Successful communication is concise communication. The type of engagement that leaves the recipient in no doubt about the message. In that regard, FIFA has failed with VAR.

So far.

FIFA said it introduced VAR to the World Cup to clear up a ‘clear and obvious’ errors, but as it stands, VAR is posing more questions than it answers.

Of course, there have been successful interventions; a fact which undoubtedly shows the technology’s potential, but VAR has been applied at moments when a decision – and in some cases an important one – has been entirely dependent on human application of the rules rather than undeniable fact.

In which case, why not stick with the opinion of the man who was originally appointed to officiate on the pitch because he was considered the best man for the job?

This week, I read a well-presented piece which assessed the 15 VAR decisions that had been implemented at the time the author wrote his assessment. I have no issue at all with the motivation for the feature, but much of the respected writer’s conclusions were based on one, important thing – his own opinion! VAR is not there to justify opinion, it is there to confirm definitive outcomes.


For example, the only time the match referee should be summoned to the touchline is if the VAR quietly suggests into the ref’s earpiece that he can offer a technologically defined, undeniable verdict to correct one of those ‘clear and obvious’ errors. The words; “I think that was a foul” should not be used to stop the game and undermine the match referee.

The spectacle of a chastened figure being summoned like a naughty schoolboy to a pitch side monitor by some smartarse who thinks the ball striking a hand at pace from two yards away is an undeniable offence, weakens the referee’s position and his onward credibility.

If VAR is allowed to continue highlighting a difference of opinion between two officials, you might as well switch it off.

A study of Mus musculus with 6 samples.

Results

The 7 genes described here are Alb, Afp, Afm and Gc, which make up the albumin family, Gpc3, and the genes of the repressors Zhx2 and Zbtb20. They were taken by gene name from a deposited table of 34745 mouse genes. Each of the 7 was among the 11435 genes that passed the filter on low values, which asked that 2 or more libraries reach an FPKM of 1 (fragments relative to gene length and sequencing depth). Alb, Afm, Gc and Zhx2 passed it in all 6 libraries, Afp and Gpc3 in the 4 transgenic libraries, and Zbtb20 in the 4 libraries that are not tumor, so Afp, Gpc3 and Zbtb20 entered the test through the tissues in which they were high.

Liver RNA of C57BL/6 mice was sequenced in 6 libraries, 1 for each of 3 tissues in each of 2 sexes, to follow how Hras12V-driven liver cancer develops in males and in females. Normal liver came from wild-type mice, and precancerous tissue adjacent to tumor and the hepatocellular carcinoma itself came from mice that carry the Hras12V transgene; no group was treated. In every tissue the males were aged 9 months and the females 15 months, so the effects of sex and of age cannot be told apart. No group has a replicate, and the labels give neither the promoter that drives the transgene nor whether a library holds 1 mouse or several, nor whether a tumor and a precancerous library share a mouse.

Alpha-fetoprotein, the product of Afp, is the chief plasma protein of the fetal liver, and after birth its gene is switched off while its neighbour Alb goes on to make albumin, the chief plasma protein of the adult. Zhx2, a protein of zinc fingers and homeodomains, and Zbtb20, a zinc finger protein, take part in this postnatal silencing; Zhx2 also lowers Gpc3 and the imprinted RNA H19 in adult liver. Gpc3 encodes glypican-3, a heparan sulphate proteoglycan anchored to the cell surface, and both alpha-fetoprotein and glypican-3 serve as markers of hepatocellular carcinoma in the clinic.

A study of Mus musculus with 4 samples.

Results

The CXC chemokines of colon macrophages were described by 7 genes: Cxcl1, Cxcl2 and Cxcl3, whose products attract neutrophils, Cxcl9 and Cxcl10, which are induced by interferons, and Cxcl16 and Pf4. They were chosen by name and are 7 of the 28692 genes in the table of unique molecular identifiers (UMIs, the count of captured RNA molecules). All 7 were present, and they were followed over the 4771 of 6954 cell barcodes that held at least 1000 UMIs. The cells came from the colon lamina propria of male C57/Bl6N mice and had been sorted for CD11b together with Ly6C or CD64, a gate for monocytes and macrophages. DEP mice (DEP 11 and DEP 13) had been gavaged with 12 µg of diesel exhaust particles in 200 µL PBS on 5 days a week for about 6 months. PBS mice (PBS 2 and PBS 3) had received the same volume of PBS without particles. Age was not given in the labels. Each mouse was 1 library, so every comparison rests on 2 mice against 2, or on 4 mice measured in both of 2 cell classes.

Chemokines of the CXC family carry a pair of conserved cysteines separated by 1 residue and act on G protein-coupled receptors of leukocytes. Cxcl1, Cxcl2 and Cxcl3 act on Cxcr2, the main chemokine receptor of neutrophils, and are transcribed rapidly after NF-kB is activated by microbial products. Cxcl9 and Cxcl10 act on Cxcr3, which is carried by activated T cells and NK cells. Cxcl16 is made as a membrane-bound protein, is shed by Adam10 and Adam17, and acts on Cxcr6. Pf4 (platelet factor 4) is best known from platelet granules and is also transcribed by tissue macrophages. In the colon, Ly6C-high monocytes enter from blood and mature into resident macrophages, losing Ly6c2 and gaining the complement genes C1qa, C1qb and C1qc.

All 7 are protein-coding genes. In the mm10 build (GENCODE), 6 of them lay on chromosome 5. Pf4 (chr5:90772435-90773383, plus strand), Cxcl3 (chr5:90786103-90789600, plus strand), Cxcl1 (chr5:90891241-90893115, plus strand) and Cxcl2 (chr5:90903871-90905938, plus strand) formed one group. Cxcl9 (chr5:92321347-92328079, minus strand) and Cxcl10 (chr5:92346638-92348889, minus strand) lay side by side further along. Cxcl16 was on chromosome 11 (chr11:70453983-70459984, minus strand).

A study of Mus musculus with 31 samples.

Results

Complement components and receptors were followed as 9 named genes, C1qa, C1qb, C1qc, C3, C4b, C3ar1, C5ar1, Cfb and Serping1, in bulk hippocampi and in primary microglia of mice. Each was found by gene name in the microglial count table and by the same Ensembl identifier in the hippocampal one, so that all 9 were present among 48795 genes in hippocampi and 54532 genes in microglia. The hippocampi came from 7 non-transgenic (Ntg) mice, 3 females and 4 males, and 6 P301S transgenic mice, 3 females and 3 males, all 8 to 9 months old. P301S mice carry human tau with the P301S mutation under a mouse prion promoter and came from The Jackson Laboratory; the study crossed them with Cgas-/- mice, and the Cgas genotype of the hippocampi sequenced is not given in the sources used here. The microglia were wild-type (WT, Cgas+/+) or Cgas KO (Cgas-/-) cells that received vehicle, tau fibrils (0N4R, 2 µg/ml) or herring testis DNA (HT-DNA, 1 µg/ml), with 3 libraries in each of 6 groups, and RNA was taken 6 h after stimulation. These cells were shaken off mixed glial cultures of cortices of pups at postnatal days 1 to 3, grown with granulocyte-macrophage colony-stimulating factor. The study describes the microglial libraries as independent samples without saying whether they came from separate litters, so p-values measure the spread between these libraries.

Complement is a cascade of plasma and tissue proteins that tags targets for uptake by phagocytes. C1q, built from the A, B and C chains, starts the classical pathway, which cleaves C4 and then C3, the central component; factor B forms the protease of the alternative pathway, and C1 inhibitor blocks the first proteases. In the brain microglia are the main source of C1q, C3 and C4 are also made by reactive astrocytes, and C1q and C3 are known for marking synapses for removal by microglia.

In simple terms, VAR technology is merely a series of replays of what actually happened. The images cannot be ‘wrong’. When interpretation is involved its the humans who should be scrutinised not the technology.

  • Inside the box or outside? Yes/No
  • Over the line or not? Yes/No
  • Offside or onside? Yes/No

But handball? VAR says yes, Alan Shearer says no and the poor referee doesn’t know whether its World Cup Wednesday or Easter Sunday because some bloke in a box has just over-ruled him in front of the global billions.

So here’s the point.

VAR technology is fine and has the potential to improve the game.  The problem lies with the people who made up the rules for its use in the first place.

Phil Mepham

is a Partner at Lyndcroft Media

Dealing directly with FIFA and its most senior administrators, operating amidst the media frenzy of Premier League football and presenting live television are all experiences which illustrate Phil’s ability to identify communications opportunities and recognise potential issues, traps and consequences.

Phil provides executive counsel and practical guidance on areas such personal profiling and crisis management to both individuals and commercial organisations and also works with consumer brands to produce product and service campaigns on both B2B and B2.